By BENNY AVNI – Staff Reporter of the Sun, UNITED NATIONS – The Arab League’s secretary-general, Amre Moussa, tried recently to mediate between Syria and Lebanon, reportedly offering to end a Syrian assassination campaign against Lebanese journalists and politicians. Diplomats and editorialists in the region said over the weekend that the effort, which was perceived in Lebanon as an attempt to defend Syria, backfired and highlighted the league’s weaknesses.

Yesterday, Mr. Moussa officially denied ever relating a Syrian offer to end assassinations in Lebanon. Reports in the Lebanese press over the weekend were "completely unfounded," Mr. Moussa said in a statement, denying that upon arriving from Damascus in mid-December he relayed an offer that Syria would completely cease an assassination campaign if the Lebanese government ignores U.N. Security Council resolution 1559 and ends its support of the U.N. probe into the assassination of a former Lebanese prime minister, Rafik Hariri.

A deal that would conceal the truth in this affair was never even considered," Mr. Moussa’s official statement said.

Resolution 1559 demands a withdrawal of all Syrian forces from Lebanon, a cessation of foreign interference in its affairs, and the disarming of all militias. Last week, the mandate of the international team investigating the February 14 Hariri murder was extended until June.

Many in the politically split country were unconvinced by Mr. Moussa’s denial. "Most of the press and the politicians in this side [of the political divide] believe he made" the offer, a Beirut-based national correspondent for the English-language newspaper Daily Star, Majdoline Hatoum, told The New York Sun yesterday.

Mr. Moussa’s recent two-day trip to Damascus and Beirut struck a sour note with Lebanese pro-independence forces from the start, as his visit coincided with the funeral of a slain outspoken anti-Syrian politician and journalist, Gibran Tueni.

"Moussa wants to create a federation of countries with tyrannical regimes to protect Syria," Tueni’s father, Ghassan Tueni, said on Friday, while attending a church service, according to a newspaper owned by the Tueni family, An-Nahar.

"Amre Moussa must go to Damascus to stop the murders in Lebanon," a Druze leader and member of parliament Walid Jumblatt, who has become one of the toughest critics of Damascus in Lebanon, said.

"The Syrian regime has chosen to shelter behind Arab initiatives in order to avoid [compliance] with the international probe" into the Hariri murder, Mr. Jumblatt added during an interview with the Lebanese satellite channel LBCI, according to translation by a French newswire service, Agence France-Presse. "The terrorist Syrian regime is carrying out political assassinations in order to shut up the [anti-Syrian] parliamentary majority."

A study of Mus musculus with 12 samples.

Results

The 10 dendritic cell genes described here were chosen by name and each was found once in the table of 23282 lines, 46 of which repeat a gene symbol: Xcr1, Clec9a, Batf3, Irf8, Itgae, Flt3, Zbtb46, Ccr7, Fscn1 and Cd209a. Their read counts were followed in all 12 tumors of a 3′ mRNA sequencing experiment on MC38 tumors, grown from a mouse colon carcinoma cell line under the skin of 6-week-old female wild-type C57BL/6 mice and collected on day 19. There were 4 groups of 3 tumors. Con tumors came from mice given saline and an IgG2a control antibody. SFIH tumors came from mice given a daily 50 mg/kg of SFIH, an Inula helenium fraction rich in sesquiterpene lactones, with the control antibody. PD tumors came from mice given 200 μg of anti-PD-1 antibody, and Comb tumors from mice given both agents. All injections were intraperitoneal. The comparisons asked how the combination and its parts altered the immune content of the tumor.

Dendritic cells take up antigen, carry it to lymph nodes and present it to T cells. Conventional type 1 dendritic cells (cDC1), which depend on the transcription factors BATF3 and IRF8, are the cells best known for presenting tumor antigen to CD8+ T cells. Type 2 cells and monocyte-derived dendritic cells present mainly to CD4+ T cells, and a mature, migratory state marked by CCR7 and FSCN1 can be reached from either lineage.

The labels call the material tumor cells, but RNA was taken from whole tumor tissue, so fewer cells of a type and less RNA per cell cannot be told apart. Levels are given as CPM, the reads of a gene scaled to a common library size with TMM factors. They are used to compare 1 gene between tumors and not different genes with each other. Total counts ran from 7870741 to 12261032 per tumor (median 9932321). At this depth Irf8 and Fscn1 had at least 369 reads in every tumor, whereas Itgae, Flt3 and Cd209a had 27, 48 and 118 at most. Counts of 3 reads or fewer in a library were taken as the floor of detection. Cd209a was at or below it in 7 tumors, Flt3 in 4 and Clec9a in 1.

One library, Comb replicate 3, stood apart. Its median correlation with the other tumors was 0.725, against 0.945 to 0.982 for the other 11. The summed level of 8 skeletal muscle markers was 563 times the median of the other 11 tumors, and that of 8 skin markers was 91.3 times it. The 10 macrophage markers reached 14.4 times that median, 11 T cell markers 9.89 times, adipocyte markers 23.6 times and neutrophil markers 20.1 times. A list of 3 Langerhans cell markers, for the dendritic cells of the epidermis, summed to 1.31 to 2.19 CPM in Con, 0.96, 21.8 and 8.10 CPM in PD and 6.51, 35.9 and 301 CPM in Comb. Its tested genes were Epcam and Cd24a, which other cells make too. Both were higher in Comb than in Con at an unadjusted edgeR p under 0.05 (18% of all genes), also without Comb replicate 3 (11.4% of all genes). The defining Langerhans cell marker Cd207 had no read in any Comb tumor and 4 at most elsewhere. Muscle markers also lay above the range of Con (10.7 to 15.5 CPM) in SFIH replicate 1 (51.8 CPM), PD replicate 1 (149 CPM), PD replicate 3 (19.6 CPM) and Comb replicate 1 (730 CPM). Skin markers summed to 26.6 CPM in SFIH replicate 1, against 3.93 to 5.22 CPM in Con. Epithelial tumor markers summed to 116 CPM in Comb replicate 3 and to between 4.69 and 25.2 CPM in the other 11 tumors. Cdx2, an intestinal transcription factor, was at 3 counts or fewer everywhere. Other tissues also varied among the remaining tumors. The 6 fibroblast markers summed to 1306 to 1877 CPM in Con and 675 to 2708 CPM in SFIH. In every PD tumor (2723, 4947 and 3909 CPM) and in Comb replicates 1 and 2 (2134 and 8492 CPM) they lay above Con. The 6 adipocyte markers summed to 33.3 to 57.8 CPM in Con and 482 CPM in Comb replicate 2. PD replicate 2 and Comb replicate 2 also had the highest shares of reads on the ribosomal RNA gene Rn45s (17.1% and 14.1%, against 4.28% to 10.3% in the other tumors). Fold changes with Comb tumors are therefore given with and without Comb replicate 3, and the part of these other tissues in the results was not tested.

Pro-Syrian politicians and editorialists in Lebanon and others in the Arab world were less critical. "We fear that this campaign against Mr. Moussa will destroy what has remained of the Arab League, the only entity that still impersonates the bare minimum of the bare minimum of Arab unity," the Palestinian Arab-owned, London-based newspaper, Al Quds Al Arabi, said in an editorial yesterday. Mr. Moussa "is working hard and has pure intentions and is caring over the nation" of Lebanon, the editorial said.

"The Arab League is in a tight spot," an Arab diplomat who asked not to be identified told the Sun yesterday. More accustomed to issuing statements that its 22 members can easily unite behind, specifically against Israel, it now finds itself in the middle of a dispute between two of its founding members.

While a leader like Mr. Moussa should "find a way" to mediate between Lebanon and Syria, the diplomat said, the league has lost a lot of its power and credibility in recent years. Mr. Moussa, who is entering his last year as secretary-general, is trying to revive some of its past prestige, but as the Lebanese response over the weekend showed, it could be hard to accomplish.

A revival of its old role also might be difficult to achieve since the league relies on internationally discredited officials, he said, pointing specifically to those from Sudan.

Yesterday, Mr. Moussa announced the appointment of a former Sudanese foreign minister, Mustafa Osman Ismail, as the league’s top envoy for the upcoming interfaith conference of Iraqi factions, scheduled to take place in Baghdad in March. Mr. Ismail was the international face of the Sudanese government for much of the Darfur crisis, which was described by the American government as genocide.

Prior to Mr. Moussa’s trip to Lebanon and Syria, Mr. Ismail told the London-based, pan-Arab newspaper Asharq al-Awsat that the Arab League supported the Hariri investigation "without using [it] as a pretext to target Syria."